The people who know me best know that I adore this t-shirt
because there is nothing I love better than a new idea. (Thanks for
the creation, People for Urban
Progress! Of course I adore anything made locally in Fountain
Square as well!)
I have spent the week in Boston, completely immersed in new
ideas at the CROI meetings (Conference on Retroviruses and
Opportunistic Infections - basically HIV!) Busy, exhausting, and
completely inspiring. It has been a privilege to network and
present and meet with colleagues from around the world to think
together about new ideas for taking care of children with HIV.
Some of my favorite new ideas for the week:
- Efforts to develop new formulations of HIV medicines for
children that meet my wishlist -- the right doses of the right
medicines for growing children, in versions that they can take
(liquids, granules that can be sprinkled in food) and that do not
taste terrible. (These should not be new ideas, but they are. No
one thinks about kids' medicines.)
- A new project I am leading with sites in Southern Africa and
Asia and East Africa to figure out the best way to measure
children's adherence to HIV medicines.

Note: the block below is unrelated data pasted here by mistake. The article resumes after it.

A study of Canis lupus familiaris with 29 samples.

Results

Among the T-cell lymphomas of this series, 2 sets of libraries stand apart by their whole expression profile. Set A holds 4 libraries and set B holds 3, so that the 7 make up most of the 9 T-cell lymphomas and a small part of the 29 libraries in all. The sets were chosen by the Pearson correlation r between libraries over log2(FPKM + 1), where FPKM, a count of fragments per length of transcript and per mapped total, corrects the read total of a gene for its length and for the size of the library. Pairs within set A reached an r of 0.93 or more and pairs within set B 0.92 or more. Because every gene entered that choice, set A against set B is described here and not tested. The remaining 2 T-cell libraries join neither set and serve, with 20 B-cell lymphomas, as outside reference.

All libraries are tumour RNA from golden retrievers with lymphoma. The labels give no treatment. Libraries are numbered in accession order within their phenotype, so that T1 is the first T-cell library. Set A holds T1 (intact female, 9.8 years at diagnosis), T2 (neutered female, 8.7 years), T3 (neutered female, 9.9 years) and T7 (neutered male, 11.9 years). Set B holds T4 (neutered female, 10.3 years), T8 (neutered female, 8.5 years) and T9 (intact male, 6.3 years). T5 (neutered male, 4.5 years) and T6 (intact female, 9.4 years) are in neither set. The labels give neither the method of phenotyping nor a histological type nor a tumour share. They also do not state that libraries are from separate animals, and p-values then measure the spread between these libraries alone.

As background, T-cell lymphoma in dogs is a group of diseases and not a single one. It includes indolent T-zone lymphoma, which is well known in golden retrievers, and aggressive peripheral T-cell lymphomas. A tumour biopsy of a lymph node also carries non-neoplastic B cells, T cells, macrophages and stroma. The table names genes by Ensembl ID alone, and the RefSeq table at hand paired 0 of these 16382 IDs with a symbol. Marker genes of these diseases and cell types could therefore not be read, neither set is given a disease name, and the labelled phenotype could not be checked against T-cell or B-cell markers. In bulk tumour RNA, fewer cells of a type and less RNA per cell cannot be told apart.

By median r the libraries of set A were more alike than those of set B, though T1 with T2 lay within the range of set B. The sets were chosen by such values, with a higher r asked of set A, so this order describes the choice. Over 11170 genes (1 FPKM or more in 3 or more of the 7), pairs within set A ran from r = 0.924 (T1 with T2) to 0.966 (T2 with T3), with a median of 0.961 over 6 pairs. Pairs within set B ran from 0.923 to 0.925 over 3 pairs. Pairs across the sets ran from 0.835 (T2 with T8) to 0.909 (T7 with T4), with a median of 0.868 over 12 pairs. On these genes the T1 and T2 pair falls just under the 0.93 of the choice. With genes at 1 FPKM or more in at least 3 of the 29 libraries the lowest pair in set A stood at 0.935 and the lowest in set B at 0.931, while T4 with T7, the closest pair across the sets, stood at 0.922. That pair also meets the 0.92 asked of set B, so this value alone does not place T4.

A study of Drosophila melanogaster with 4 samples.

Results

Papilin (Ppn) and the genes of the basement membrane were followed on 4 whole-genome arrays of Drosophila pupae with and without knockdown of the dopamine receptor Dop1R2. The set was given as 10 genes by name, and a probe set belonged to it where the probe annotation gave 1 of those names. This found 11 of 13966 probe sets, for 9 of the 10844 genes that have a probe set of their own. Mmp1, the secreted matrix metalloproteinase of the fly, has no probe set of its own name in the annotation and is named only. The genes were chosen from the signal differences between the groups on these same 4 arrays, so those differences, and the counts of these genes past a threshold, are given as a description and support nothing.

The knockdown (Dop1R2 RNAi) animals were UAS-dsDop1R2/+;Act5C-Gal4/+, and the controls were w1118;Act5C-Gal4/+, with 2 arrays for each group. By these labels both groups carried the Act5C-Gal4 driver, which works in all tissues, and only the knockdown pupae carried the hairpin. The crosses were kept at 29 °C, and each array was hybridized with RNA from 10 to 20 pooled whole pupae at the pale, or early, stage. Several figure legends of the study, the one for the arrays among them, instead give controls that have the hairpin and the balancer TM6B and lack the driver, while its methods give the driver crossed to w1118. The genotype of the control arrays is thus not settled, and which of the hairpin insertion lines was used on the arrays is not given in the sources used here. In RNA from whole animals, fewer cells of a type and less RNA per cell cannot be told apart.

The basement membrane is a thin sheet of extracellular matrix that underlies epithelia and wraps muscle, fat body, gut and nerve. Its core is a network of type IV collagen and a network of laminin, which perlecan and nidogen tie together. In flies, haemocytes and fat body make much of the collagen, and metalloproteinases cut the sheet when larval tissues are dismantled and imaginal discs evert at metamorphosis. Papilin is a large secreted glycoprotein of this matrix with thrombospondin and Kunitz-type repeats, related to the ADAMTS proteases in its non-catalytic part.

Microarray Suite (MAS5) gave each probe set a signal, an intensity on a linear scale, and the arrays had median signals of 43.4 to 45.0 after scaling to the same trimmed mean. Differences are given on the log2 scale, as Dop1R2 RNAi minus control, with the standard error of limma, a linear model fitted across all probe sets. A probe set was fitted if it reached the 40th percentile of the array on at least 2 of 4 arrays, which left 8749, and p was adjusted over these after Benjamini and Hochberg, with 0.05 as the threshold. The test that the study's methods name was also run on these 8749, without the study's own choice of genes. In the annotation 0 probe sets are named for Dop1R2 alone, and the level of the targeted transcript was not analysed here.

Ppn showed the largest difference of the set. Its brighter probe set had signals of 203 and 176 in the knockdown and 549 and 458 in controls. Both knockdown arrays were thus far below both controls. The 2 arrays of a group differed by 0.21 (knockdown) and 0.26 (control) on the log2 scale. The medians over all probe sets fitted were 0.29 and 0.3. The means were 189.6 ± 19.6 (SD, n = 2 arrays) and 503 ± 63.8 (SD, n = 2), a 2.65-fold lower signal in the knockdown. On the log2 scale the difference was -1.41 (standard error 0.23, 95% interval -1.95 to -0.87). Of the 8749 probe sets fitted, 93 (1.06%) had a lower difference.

- Monitoring medication adherence with all sorts of wild,
convenient, innovative technologies that can tell me right away if
a family is having problems with this challenge of having a child
take medicines twice a day, every day.
- A global cohort of children from sites all around the world
that could be put together to answer big questions that we have
about how to take the best care of children with HIV.
- Actually figuring out whether our children's HIV viruses are
becoming resistant to the medicines we are using by doing brand-new
tests to look at the genotyping of the virus.
I was given a brand-new opportunity at this meeting as well; I
was elected as the new chair for the pediatric group of a global
consortium of HIV care sites, the world's biggest collaboration of
HIV care programs. An exciting honor - and a great way to come up
with new ideas for helping kids around the world.
And the pediatric HIV world was also abuzz with the possibility
that we have officially identified another baby who is HIV-free
after really aggressive early treatment of an HIV infection in the
first hours after birth. I would actually bet that there are more
of these HIV remissions in babies (we are reluctant to say "HIV
cure", but it just might be!), but only sites that can do lots and
lots and lots of tests can prove that it's actually happened. Sites
like ours in Kenya can only wonder…
So, lots of new ideas here in Boston. A good week for me.